How to Help an Underweight Dog Gain Weight


An underweight dog means it is below its ideal or optimum weight. This happens when it loses between 10% and 20% of its ideal weight.

In this article, we will focus on the signs of underweight dogs and how to increase the weight of an underweight dog. 

Signs your dog is underweight

Certain signs of an underweight dog are easy to recognise. Here are the common symptoms that dog owners should pay attention to:

Dog weight chart

A dog weight chart is commonly known to veterinarians, dog experts and dog owners as a tool for estimating the ‘weight’ of a dog.

This chart serves as a quick visual guide on what to look for when examining a dog’s body or condition. It contains five pairs of images; each pair depicting the overhead and side views of dogs.

These images help the layman to gauge whether a dog is considered ‘very thin’, ‘underweight’, ‘ideal’ (denoting an ideal weight), ‘overweight’ or ‘obese’.

The guide is accompanied by brief notes which explain each of the five conditions above. A dog owner can easily refer to this weight chart for a casual assessment of his or her pet dog.

dog weight chart is commonly known to veterinarians, dog experts and dog owners

Based on this chart, an underweight dog’s ribs, spine and hip are visible or prominent and can be easily felt. From an overhead view, the dog has a marked hourglass frame. From its side view, there is also a marked abdominal tuck.

Another clue given by the chart is to examine the base of the dog’s tail. If the tail bones are raised with minimal tissue between the skin and bones, the dog is deemed underweight.

Although this chart is but a rough guide, it helps to give, at the very least, dog owners an idea of a dog’s condition.  

Losing weight fast or suddenly 

Weight loss in a dog is normal, but to lose weight suddenly, rapidly or inexplicably is worrying. Such weight loss can affect dogs of any age and breed, and may be a result of various reasons.

Common health-related reasons are diseases (cancer, kidney disease, heart disease, dental disease) and disorders (gastrointestinal disorder).   

Other reasons are parasites or intestinal worms and anxiety, stress or depression in dogs — all of which can cause a loss of appetite and, consequently, weight loss.  

To better understand these causes, read Dog Losing Weight: What you should know

Losing weight, but is eating and drinking 

A dog with gastrointestinal disorder may fall in this category — some dogs still eat regularly despite having this problem. However, because of the disorder, the dog’s body is unable to absorb the nutrients it needs from the food it consumes.

Apart from a lack of nutrients and weight loss, the dog may also exhibit the following symptoms: 

  • Decreased appetite
  • Abdominal discomfort
  • Vomiting
  • Diarrhoea
  • Depression
  • Increased appetite (and stool)
  • Soft or greasy stool

Helping your dog to gain weight

The underweight dog needs help getting back to its ideal weight, before its condition worsens and develops into other health issues or complications. Here are some recommendations.

Seek veterinary advice

Dog owners who are conscientious will agree that the best approach to helping an underweight dog is as follows:

Step 1: Determining the cause(s) for weight loss

Step 2: Consulting a veterinarian

The underweight dog could be suffering from a single factor, or varied ones, that causes its weight loss. The right remedy for improving the dog’s condition can be prescribed after knowing the exact cause or causes.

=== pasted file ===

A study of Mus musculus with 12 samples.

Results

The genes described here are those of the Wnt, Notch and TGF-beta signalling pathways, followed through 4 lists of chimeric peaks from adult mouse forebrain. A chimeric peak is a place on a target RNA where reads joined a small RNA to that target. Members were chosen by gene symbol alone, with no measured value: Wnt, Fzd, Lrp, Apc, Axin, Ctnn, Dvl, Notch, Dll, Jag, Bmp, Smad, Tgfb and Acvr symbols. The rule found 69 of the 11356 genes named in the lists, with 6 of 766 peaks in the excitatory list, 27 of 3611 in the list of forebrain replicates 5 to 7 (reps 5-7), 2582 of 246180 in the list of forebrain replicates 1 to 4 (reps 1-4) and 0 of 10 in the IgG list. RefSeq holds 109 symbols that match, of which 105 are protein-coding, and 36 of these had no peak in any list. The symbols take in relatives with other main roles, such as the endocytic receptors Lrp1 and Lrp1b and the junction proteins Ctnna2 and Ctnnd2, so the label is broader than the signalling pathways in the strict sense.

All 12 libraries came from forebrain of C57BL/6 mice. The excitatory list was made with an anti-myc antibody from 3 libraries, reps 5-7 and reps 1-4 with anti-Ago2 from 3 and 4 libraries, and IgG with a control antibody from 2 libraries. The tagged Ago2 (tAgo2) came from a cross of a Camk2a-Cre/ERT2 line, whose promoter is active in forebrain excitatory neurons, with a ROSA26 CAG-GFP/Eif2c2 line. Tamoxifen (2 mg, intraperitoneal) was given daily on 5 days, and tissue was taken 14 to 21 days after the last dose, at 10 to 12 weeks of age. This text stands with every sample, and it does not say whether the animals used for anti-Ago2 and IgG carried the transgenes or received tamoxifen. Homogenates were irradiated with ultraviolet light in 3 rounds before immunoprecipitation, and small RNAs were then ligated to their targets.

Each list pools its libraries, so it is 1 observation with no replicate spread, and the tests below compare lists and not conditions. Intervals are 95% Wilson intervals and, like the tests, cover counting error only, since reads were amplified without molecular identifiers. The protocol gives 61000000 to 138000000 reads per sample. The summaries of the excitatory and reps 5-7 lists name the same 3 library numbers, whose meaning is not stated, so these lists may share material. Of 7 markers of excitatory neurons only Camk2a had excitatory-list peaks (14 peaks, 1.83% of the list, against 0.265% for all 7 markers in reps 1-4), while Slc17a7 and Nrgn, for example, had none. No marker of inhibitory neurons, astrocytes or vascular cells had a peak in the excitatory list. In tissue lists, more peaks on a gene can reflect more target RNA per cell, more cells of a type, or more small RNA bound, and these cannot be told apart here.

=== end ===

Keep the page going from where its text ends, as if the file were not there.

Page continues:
Seek for veterinary advice
Photo by Tima Miroshnichenko from Pexels

Thus, dog owners should identify the actual cause(s) for the dog’s weight loss, and this can be done with the help of a veterinarian.

Be mindful of homemade diets 

Some dog owners may opt to prepare a homemade diet for their pet dogs. However, if this diet is not planned correctly, these well-meaning meals may lack the nutrition needed. 

Being non-veterinarians, the homemade meals or recipes that dog owners prepare may provide inadequate nutrients, such as zinc, copper and calcium.

Thus, the best option is to work with a certified veterinary nutritionist should dog owners choose to feed their dogs a homemade diet.   

Use reliable weight gain recipes

Feeding an underweight dog has to be done properly and conscientiously, in view of the dog’s vulnerable condition in some cases.

jelp an underweight dog to gain weight
Photo by Gratisography from Pexels 

Weight gain recipes commonly have higher calories (more proteins and fats, less carbohydrates), and essential vitamins and minerals.     

Add high-calorie snacks or treats

Adding healthy high-calorie dog snacks and treats help to boost the calorie intake that the dog gets from nutritious and balanced meals. Petcubes Kangaroo Steak makes for a suitable high-calorie choice of snack, as it contains 100% kangaroo meat and 81.8% protein. 

Add probiotics and weight gain supplements

Probiotics and weight gain supplements help to increase the weight of an underweight dog healthily. 

Probiotics restore a regular digestive function, while supplements for weight gain support the dog’s nutritional needs — providing the essential vitamins, minerals (particularly magnesium, potassium and phosphate) and omega-3 fatty acids. 

You may want to try Petcubes Wholistic Digest-All Plus — a supplement which aims to aid in healthy digestion and nutrient absorption — or Petcubes Wholistic Canine Complete probiotics supplement. Both supplements can be taken by dogs of all ages. 

Final words 

Ultimately, dog owners have to go about helping their underweight dogs gain weight the right way. Knowing how and what to feed their underweight dogs is important and it is best to observe and be mindful of your dog’s weight loss in order to help it.